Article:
Rural communities complain of ‘airport blight’ as flights increase
Rural communities are complaining that their lives are being blighted by the
increasing number of flights at small airfields.
By David Millward, Transport Editor
The surge has led to complaints of excessive noise from residents who say their
quiet idyll has been disturbed.
Many blame the Government for the problems they now face.
This is because the 2003 Aviation White Paper recommended that traffic at smaller
airfields increase to take pressure of larger airports in the South East.
As the skies have become more congested, there has been a shift to smaller aerodromes,
some of which have traditionally been used for gliders.
The issue is already causing some concern at Westminster and it is part of an
inquiry into the use of UK airspace by the all-party Transport Select Committee.
One dispute has erupted at Wycombe Air Park in Buckinghamshire, which now has nearly 100,000 air movements
a year – rather more than some commercial airports.
Campaigners say the Air Park, which was once largely used by gliders, is now
hosting far more conventional aircraft and helicopters – much to the annoyance
of people living nearby.
Because it is regarded as a small airfield, Wycombe is subject to far less regulation
than larger airports.
This, campaigners say, means it is able to police itself, a situation regarded
as unsatisfactory by those who live nearby.
It has taken the unusual attempt of asking Geoff Hoon, the Transport Secretary,
to treat the Air Park in the same way as larger airports.
This would entail imposing what is known as a “specification order”, under which its air traffic would be regulated by the Department for Transport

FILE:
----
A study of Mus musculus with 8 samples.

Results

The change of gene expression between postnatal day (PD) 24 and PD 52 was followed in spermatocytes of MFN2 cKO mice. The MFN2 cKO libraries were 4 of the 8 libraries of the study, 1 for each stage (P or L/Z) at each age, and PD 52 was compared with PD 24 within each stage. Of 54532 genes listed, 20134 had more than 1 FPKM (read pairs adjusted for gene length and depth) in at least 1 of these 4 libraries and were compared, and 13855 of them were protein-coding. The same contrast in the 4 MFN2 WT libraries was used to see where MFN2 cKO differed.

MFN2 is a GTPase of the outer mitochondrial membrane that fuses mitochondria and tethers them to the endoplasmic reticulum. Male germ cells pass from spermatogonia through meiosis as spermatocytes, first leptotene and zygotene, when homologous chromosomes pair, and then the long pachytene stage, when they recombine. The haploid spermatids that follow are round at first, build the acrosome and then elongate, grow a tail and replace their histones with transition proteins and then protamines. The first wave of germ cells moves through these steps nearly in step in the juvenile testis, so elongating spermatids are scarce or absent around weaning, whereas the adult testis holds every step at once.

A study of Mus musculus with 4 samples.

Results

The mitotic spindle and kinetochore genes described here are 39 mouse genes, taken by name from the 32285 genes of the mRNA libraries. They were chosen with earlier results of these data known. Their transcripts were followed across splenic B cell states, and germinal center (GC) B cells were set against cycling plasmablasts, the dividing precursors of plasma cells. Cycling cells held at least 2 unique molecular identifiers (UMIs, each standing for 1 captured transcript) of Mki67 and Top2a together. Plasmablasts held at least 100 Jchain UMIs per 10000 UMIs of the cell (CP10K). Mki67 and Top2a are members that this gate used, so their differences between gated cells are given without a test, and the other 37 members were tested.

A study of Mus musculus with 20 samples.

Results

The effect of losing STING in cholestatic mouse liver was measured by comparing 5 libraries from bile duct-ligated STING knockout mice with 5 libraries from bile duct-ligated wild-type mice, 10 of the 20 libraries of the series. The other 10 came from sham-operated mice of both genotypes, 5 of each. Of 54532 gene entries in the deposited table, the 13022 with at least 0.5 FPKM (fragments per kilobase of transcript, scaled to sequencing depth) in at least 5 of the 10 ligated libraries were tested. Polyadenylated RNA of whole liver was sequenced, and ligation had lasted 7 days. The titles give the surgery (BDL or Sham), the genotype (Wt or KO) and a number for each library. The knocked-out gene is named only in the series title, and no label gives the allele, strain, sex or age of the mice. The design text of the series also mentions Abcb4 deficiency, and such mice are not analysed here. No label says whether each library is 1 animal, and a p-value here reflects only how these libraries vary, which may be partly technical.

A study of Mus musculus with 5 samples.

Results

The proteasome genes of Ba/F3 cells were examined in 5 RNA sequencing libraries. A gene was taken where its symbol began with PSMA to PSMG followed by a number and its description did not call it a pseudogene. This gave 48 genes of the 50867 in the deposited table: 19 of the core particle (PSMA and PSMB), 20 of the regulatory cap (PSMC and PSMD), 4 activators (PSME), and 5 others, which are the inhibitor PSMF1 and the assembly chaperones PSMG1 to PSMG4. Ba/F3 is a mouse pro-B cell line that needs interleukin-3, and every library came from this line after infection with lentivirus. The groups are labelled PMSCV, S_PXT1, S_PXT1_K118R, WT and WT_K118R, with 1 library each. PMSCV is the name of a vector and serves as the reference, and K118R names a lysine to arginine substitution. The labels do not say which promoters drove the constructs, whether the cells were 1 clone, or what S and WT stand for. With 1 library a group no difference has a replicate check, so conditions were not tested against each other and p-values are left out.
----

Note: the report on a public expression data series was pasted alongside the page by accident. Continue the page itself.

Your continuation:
and the Civil Aviation Authority.
“We are saddened and frustrated that we have been forced to take the unusual
step of applying to the DfT for a specification order,” said Richard Wetenhall,
spokesman for the Wycombe Air Park Action Group.
“However, the complete breakdown of all attempts to work constructively with
the Air Park leaves us with no alternative.
“As the law stands, the only bodies that can resolve the impasse are the DfT
and the CAA.”
However Capt Tim Orchard, managing director of Airways Aero Associations, which
operates Wycombe, disputes the campaigners’ case.
“The number of movements we have had here has come down by 50% compared to the
“We operate best practice in terms of noise amelioration. We are in constant
talks with the local populous. We endeavour to be safe and neighbourly friendly.”
The dispute reflects a trend which has seen other small airports change radically.
Oxford, for example, which is switching from training pilots to the increasingly lucrative private aviation market.
Farnborough in Hampshire is also looking to increase the number of flights it handles and
the operators of Kent International Airport at Manston also have ambitious expansion plans.
Redhill, near Gatwick, also had ambitious expansion plans, but they have since been dropped,
Opponents of such expansion say there is little protection for communities who
find that their local airfield is hosting several times the number of flights
that it did only a few years ago.
According to Ralph Smyth transport spokesman of the Campaign to Protect Rural England, the 1990 Environmental
Protection Act only classified noise from model aircraft as a potential nuisance.
“There is no monitoring of these commercial aircraft at local aircraft. This
information has to be collated to see the extent of the problem.”